Sciencing the Shit Out of Attack on Titan's Titans
The general premise of titular creature in Attack on Titan: Wings of Freedom is that they are humans enlarged and mostly mindless. Some have no skin, making them more gruesome, but that’s not the only thing that makes them different than other being giants. They have an insatiable appetite for humans. And these creatures are the whole reason there were three giant walls created around the city in the game's lore. They are the whole reason behind the 3D maneuvering gear that I mentioned last week. And if we are honest with ourselves, they are the reason we are interested in the Attack on Titan franchise in the first place.
Many people have already talked about the science of giants, and I will definitely talk about that again because it’s extremely important to understanding the physics behind giants and why certain animals grow as tall as they do and why others don’t. However, my real intent during this week’s article is to answer a different question: How big can a Titan realistically get? So once again, let’s science the shit out of Attack on Titan: Wings of Freedom.
We’ve all heard of Galileo, right. The guy who used to stare at the sky a lot. Well, he was known for more than his astronomy. He was actually a genius mathematician. Moreover, he was an amazing observer. In his book Two New Sciences, he talks about two ships, both are identical in every way. From the mast to deck and from bow to stern, there were no differences save one: One is twice the size of the other. He observes that the larger boat would require more scaffolding and stabilization so that it doesn’t collapse under its own weight.
But that doesn’t makes sense does it? It’s just bigger; it should have the same physical properties as something that is smaller, right? Unfortunately, that assertion is incorrect. On a fundamental level, the atoms in each of the objects are the same, but there are more atoms in the larger item, but on a more practical level, the geometry changes with the larger object.
Imagine a cube that is 1 cm by 1 cm, its volume is 1 cm³ or 1 l, and its mass is about equal to 1 g if filled with water. How much water would a 10 cm cube hold? If you think 10 cm³ or even 100 cm³, you’d be wrong. It would hold 1,000 cm³. Additionally, the mass has tripled proportionately to 1,000 g. This is called Galileo’s Square-Cube Law.
A Titan is human proportions, but standing at about 15 m tall. If the average human stands at about 1.5 m (See where I’m going with this?), then a Titan is 10 times the height. If we round off the average weight of a 1.5 m human to 70 kg. That means that a human-shaped giant 10 times its height would have 1,000 times the mass, 70,000 kg. That’s 70 metric tonnes, by the way. Without any extra support structure, a Titan would be crushed under its own weight, not to mention the strength that it would take to pump that much blood through its system.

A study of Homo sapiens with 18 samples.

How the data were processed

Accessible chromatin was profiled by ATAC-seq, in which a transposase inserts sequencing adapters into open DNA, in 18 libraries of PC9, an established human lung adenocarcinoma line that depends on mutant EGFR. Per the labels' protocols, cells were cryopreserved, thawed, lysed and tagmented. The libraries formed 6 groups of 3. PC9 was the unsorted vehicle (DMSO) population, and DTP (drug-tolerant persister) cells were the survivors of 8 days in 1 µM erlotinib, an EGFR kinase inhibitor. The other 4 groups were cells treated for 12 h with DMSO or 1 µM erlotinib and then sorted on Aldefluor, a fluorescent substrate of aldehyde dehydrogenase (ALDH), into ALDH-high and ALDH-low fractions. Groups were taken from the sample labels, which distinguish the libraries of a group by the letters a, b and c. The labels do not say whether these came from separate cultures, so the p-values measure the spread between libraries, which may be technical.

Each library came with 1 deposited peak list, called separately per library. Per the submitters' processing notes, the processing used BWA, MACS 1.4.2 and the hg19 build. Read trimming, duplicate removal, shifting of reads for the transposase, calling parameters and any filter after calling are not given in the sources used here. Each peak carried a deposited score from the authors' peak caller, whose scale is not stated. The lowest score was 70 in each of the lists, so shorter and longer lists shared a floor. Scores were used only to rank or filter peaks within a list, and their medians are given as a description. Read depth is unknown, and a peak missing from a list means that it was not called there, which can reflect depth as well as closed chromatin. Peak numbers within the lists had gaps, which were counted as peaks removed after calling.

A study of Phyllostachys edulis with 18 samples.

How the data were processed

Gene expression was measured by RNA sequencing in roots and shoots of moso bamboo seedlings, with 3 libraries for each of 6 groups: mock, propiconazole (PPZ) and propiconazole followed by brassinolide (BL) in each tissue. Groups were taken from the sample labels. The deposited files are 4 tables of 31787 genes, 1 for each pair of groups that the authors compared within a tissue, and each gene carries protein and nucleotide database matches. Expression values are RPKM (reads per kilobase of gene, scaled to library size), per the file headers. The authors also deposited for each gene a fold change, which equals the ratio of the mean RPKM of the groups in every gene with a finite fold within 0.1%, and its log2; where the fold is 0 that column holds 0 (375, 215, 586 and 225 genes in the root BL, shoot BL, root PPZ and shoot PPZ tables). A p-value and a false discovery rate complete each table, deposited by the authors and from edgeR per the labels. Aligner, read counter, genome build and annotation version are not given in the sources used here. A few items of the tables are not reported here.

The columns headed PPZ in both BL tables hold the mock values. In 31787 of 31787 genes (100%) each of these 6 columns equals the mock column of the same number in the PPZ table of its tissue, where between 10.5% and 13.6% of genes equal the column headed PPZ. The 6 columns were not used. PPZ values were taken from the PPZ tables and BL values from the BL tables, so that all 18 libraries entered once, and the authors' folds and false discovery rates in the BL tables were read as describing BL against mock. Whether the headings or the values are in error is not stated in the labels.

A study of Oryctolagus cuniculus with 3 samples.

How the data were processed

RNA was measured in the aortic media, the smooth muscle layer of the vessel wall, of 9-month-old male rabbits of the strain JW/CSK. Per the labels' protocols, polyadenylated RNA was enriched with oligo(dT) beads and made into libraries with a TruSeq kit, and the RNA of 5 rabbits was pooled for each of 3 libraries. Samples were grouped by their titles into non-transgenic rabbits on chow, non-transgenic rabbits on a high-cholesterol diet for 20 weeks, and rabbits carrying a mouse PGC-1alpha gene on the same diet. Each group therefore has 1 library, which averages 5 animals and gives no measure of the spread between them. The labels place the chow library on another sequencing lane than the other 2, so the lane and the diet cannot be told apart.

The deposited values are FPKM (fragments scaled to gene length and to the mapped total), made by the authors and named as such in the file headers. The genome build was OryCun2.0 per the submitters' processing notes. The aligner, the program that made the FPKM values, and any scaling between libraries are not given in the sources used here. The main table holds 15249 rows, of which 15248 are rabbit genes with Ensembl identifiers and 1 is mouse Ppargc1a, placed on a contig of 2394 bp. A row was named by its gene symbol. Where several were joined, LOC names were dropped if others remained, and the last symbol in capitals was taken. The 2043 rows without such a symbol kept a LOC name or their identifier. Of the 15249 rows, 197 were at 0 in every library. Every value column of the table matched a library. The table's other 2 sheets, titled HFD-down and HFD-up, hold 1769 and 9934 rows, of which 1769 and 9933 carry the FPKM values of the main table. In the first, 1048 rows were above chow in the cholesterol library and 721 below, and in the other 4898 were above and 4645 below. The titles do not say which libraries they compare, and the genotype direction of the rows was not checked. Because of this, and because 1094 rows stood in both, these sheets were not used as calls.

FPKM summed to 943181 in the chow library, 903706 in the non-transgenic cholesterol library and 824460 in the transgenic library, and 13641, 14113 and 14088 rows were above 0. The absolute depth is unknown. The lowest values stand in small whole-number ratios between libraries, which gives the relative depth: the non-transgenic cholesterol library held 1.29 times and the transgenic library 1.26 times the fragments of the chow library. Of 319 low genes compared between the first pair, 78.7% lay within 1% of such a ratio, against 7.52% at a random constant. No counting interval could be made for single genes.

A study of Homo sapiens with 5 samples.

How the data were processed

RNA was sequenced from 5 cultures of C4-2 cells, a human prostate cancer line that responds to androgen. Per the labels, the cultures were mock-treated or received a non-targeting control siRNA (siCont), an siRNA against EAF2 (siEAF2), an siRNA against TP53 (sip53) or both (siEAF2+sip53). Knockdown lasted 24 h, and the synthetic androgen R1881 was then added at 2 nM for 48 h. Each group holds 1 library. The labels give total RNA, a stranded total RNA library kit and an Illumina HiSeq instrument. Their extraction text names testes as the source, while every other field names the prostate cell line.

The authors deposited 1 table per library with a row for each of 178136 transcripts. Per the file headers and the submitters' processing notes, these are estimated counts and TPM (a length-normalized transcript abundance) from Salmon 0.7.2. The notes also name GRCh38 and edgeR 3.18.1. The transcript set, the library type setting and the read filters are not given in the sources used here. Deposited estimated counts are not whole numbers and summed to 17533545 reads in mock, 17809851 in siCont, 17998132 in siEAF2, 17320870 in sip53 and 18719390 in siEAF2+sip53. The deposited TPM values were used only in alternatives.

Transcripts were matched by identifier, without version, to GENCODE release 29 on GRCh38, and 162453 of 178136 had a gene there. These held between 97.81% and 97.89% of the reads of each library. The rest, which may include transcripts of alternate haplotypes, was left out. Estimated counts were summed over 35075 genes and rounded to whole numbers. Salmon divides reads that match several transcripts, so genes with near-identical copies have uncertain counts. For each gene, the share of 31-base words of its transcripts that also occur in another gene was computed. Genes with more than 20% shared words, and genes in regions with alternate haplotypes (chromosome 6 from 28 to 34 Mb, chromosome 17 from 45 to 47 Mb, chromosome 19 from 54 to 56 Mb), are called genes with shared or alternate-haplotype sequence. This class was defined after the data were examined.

On a side note, when you slice a Titan on the back of its neck, it gushes blood. You realize that if your character were to be hit with that stream of bodily fluids, it would be like being hit with a fully opened fire hose.
How big could a Titan get?
Galileo said in his book, “Finally, we may say that, for every machine and structure, whether artificial or natural, there is set a necessary limit beyond which neither art nor nature can pass; it is here understood, of course, that the material is the same and the proportion preserved.” In other words, there is a structural limitation to everything. What is the limitations of the human frame? I’m going to stick to the frame and not the circulatory system or any other system like that because of the number of variables involved, but know that many of those thresholds are much lower than the internal structural integrity. We are likely working with the best-case scenario here.
The tallest man to ever live was born in Alton, IL, just a short way from my childhood home in St. Louis. His name was Robert Wadlow. He stood a full 8 foot 11 inches (2.7178 m). Over a meter taller than the average human. And despite being super skinny, he weighed 220 kg, over three times that of an average human. Wadlow even had to wear special braces on his legs to give him extra support for his mass. Unfortunately, Wadlow died at the very young 22 years old due to complications with his height.
Galileo postulated that the bone structure for something that is twice the height of a human would have to be about four times as thick. He even drew a picture of a leg bone. However, there are still issues with using that in a titan when you consider the stress limit of bone, in general.
A human bone has the strength of about 4,400 MN/m², meaning that if the pressure above the bone is more than 4,000 NM it will be crushed. An average human exerts 55 MN/m² standing or 110 MN/m² on his bones when walking, not bad. But a Titan weighing 70 tonnes would put 110,000 MN/m² if we did a simple ratio.
Realistically, a Titan could probably not be much bigger than Wadlow, about 3 meters, but where’s the fun in that? Let me know what you think in the comments, and let me know what happens when you science the shit out of this.